Life can be quite unforgiving for some people, mostly for no fault of theirs. These people are entrusted with an endless duty of caring for their ailing family member. An old parent suffering from Alzheimer's, a child suffering from Down's syndrome or a spouse bed ridden due to a terrible accident or illness, can all cause you to give up your own life and care for them for the rest of your life. Caregiver burnout is a condition wherein a person stops having a life of his own and is entailed for a lifetime of depression and anxiety. Steps must be taken to overcome this condition immediately.
Signs of Caregiver Burnout
As mentioned above caregiving incessantly for an ailing family member can take its toll upon you. The incessant demands of the ailing person, your own high expectations from yourself and your physical limitations can become a cause of persistent feeling of worthlessness and guilt. It is very difficult to come out of this situation unless you admit that there is a problem and are willing to take measures to overcome it. You should know you are in for a caregiver burnout when you experience any or all of these symptoms.
- Harmful behavior towards oneself or the ailing loved one.
- Persistent gloominess.
- A haunting feeling that your life is no more yours.
- Always on the verge of tears.
- Always snapping and annoyed at the care recipient.
- Change in eating habits, resulting in unwanted weight gain or loss.
- Change in sleeping pattern with either inability to fall asleep or a constant feeling of sleep deprivation.
- Listless attitude towards life.
- Loss of interest in your favorite activities with friends.
- Persistent feeling of worthlessness and guilt.
- Thoughts of death or suicide.
- Minor physical problems like headache, back pain, etc.
- Panic attacks or anxiety.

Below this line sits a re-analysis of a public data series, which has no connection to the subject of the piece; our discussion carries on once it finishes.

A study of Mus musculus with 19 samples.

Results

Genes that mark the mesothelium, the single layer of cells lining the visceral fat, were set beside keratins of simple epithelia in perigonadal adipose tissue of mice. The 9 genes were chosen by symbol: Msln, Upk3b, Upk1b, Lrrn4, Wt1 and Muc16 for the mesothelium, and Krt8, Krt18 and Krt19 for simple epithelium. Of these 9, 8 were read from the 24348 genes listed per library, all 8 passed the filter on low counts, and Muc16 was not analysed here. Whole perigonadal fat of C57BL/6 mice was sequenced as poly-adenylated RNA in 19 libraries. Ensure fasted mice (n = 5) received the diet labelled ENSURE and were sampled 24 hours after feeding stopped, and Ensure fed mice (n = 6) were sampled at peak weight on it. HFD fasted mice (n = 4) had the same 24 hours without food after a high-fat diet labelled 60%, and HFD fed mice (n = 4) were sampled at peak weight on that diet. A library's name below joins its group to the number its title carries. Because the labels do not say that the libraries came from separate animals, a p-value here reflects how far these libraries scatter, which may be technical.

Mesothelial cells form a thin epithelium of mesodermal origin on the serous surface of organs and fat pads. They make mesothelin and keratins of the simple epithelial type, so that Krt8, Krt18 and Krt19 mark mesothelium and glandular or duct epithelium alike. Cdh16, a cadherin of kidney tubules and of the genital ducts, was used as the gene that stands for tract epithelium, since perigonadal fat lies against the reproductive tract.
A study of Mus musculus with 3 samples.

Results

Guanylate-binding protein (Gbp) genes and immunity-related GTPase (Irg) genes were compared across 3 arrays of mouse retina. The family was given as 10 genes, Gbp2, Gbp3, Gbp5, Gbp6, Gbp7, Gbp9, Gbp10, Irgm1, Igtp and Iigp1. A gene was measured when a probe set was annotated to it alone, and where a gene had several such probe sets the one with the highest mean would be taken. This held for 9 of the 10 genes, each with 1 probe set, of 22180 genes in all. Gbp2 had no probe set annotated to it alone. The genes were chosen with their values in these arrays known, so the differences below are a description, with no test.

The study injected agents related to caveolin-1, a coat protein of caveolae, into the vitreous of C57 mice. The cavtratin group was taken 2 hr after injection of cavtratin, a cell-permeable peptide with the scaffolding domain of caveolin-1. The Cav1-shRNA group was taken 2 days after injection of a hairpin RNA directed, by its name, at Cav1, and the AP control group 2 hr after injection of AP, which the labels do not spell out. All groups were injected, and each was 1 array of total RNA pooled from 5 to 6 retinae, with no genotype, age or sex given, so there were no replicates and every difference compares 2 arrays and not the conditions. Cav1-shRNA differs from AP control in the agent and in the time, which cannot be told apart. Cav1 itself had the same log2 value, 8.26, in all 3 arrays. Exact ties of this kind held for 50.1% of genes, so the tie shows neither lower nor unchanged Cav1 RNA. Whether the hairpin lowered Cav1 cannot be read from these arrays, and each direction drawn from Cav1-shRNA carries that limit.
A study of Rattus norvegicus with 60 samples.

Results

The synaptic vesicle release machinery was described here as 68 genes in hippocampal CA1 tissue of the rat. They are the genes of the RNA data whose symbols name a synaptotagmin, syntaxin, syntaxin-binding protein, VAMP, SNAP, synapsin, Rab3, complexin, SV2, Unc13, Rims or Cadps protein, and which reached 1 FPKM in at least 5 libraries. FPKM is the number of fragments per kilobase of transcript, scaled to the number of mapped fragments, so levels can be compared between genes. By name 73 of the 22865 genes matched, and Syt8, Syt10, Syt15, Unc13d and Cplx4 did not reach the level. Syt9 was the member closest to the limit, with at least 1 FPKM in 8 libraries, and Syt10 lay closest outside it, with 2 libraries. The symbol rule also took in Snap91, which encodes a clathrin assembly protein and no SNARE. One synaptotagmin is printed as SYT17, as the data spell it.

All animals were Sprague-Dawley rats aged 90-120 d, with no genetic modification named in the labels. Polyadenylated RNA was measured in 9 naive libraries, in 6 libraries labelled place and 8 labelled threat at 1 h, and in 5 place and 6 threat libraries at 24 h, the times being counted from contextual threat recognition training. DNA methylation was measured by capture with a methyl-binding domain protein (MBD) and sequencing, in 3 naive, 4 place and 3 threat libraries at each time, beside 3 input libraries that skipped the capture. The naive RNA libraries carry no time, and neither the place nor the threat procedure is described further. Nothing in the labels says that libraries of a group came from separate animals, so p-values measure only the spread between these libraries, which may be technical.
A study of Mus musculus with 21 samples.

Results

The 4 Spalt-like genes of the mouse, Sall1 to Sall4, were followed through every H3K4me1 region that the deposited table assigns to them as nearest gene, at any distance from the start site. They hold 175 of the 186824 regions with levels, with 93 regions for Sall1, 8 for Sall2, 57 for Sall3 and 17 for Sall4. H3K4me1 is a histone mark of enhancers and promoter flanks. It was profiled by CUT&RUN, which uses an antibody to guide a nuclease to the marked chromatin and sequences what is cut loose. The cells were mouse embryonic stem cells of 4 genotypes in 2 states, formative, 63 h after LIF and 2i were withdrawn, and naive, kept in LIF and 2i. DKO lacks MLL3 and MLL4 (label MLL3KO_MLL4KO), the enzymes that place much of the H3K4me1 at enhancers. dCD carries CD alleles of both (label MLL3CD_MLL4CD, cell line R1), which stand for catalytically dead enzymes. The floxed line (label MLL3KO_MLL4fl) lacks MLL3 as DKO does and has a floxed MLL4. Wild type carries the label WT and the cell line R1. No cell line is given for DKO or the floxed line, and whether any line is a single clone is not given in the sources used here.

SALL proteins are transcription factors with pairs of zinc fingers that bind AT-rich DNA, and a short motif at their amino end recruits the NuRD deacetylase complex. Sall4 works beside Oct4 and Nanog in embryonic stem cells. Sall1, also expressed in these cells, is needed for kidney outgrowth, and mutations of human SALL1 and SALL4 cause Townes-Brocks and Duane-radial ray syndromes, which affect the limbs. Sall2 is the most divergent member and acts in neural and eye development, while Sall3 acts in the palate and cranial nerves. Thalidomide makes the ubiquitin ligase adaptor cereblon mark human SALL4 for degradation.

- Completely negative approach towards life. Nothing in life seems good enough for you.
What Can You Do About It
Remember, caregiver burnout is not a physical problem. You may call it a neurological problem, which can be corrected by adopting a correct attitude. The first step towards resolving this issue is the acceptance to the problem. You can then seek help from an expert or you can resolve it yourself.
Know Your Limitations
Unrealistic expectations are bound to bring in a lot of disappointment. Hence, bear in mind that you cannot always do everything that you or your loved one might expect from you. There will be times, when you may not be able to get things done. During such times, appreciate yourself for what you have been able to accomplish, instead of cribbing over those you couldn't.
Decrease Your Care Recipient's Reliance on You
If your loved one is in a position to interact with you, you can always involve them in decision-making. Let them decide for themselves what they wish to eat, how they want to dress up. This will decrease their reliance upon you for every small thing. Moreover, it may even give them a sense of worthiness, which may improve their condition.
Start Having a Life of Your Own
You need not feel guilty about giving yourself some time. After all the hard work, you sure deserve a quality time with yourself. Set aside some time in a week to indulge in your favorite activity or just meet up with your old friends. Read a book, go to Church, listen to good music to de-stress yourself. Take good care of yourself by eating healthy, exercising and leading a good life. Whatever happens, do not forget to have at least 15 minutes of 'me time' at the end of the day.
You can find support groups that will enable you to cope with this condition in a better way. Do not feel embarrassed or guilty to seek help from a therapist. Remember, you too deserve a good life!